The television flickers and the radio blares with ad for the next best this or that.
City streets are plastered with billboards extolling the virtues of every product – new and improved, of course. The stores are decked out, bursting with colour, lights, slogans and posters. It’s Christmas, and the masses trek dutifully, to the modern-day cathedral: the mall.
Our society is supposedly getting more secular but we have become positively religious about consuming. It seems a relentless pursuit of more possessions is what the holidays are now about.
I’m not judging. Oh no, I’ve willingly worshipped at that consumer altar.
I enjoy giving and receiving gifts, and I suppose there is nothing intrinsically wrong with it. But as a parent, I have been thinking about how to find balance, especially this year, as Mary turns three and may be capable of understanding the holidays. How can we help her (and later, our baby, Adelaide), look forward to more than the acquisition of stuff?
I remember pestering my mother as Christmas approached for the toy I HAD to have. Every year, it was something different. Once, it was a Cabbage Patch Doll. Parents clamoured at stores as demand overcame supply, lining up for hours to secure one lest their daughters feel left out.
My mom loves bestowing gifts, and she’d try to limit the number she bought. But I’m embarrassed to say there was more than one Christmas I’d be on the phone with a cousin or friend, they’d ask what I got, and I couldn’t remember all the gifts even though I’d just opened them.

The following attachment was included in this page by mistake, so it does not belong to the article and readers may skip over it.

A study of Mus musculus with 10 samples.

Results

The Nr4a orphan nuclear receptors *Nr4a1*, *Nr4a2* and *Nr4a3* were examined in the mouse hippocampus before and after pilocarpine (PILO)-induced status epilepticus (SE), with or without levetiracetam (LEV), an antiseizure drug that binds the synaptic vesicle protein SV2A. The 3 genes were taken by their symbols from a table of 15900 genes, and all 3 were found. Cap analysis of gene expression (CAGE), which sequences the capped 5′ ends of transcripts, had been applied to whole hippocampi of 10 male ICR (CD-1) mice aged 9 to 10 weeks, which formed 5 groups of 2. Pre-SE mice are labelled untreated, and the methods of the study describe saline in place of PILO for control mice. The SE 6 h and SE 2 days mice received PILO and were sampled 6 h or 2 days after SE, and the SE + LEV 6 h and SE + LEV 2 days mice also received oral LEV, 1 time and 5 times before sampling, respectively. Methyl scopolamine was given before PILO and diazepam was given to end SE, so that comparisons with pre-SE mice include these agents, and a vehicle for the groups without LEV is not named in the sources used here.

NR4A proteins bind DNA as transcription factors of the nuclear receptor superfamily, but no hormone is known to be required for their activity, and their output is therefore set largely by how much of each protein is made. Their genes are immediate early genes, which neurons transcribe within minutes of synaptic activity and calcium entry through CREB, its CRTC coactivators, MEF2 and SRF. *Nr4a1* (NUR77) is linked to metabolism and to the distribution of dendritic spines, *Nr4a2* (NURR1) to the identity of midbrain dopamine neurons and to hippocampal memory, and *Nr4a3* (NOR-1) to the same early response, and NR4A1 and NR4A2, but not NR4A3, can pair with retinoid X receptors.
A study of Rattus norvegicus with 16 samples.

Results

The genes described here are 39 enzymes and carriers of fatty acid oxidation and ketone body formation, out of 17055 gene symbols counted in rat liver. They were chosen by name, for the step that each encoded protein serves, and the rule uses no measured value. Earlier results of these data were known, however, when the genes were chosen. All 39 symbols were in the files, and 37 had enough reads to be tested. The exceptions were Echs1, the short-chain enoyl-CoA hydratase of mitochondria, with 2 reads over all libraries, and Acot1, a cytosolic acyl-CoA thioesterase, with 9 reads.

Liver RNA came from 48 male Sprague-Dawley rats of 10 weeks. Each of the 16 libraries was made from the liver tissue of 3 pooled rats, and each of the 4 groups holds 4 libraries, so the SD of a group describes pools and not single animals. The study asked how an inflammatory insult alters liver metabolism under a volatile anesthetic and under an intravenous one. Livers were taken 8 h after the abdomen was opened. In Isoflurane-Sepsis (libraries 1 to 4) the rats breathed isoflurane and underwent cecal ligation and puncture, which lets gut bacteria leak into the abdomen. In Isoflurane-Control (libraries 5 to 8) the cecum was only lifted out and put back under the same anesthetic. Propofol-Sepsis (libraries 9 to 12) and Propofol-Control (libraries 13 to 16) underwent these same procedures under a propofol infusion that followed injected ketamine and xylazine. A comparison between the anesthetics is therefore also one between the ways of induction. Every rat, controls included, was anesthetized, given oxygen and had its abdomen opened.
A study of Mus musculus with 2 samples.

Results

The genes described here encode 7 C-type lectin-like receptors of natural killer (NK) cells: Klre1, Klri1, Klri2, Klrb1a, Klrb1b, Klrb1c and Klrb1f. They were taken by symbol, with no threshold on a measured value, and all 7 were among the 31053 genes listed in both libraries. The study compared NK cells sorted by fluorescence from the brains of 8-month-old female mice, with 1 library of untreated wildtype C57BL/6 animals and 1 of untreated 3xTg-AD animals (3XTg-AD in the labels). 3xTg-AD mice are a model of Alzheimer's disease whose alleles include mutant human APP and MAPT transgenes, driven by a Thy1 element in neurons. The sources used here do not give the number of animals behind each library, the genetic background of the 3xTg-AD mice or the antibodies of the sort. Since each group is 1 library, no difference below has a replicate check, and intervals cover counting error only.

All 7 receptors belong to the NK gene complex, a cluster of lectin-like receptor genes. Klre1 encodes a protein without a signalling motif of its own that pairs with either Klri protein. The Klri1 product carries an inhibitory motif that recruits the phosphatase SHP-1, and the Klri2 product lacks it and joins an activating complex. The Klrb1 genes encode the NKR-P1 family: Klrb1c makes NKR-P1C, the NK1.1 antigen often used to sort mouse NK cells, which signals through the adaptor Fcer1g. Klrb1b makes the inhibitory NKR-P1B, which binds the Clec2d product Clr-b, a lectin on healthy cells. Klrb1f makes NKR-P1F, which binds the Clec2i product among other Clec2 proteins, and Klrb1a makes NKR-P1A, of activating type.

It’s not just seasonal excess; Tom and I also struggle with how to straddle the line between the secular and the sacred. Easter and Christmas have become commercial holidays – the first about bunnies and chocolate, the second about gifts and Santa Claus rather than the birth of Jesus. We want our girls to enjoy the fun stuff, but also appreciate the original meanings of these special days.
So far, we’ve gotten off easy, maybe because Mary hasn’t been directly marketed to; we record her favourite television shows, so she’s missing all the commercials. Maybe it’s because she hasn’t started school, and so isn’t yet influenced by her peers.
How to stop holiday greed from taking over? This year, we’re going to take Mary shopping to buy some things to donate to a toy drive. I’m hoping this will help teach her to be grateful, that some children don’t have as much as she does and that we must share our blessings.
I’m going to start Christmas shopping in October so we don’t spend every spare moment leading up to December 25th in the malls, feverishly crossing out our gift list.
We’ll put up our Nativity scene, light a candle each week on our Advent wreath and go to Mass.
The end of the year is an embarrassment of riches for Mary because her birthday is exactly a month before Christmas Day. We’re going to take some of the toys she receives and give them to her randomly throughout the year. We’re going to rotate her existing toys more often. When we’ve done this, she’s been as delighted with the toy as when she first received it.
We buy, therefore we are? It could be a motto for today’s society, but hopefully not for our family.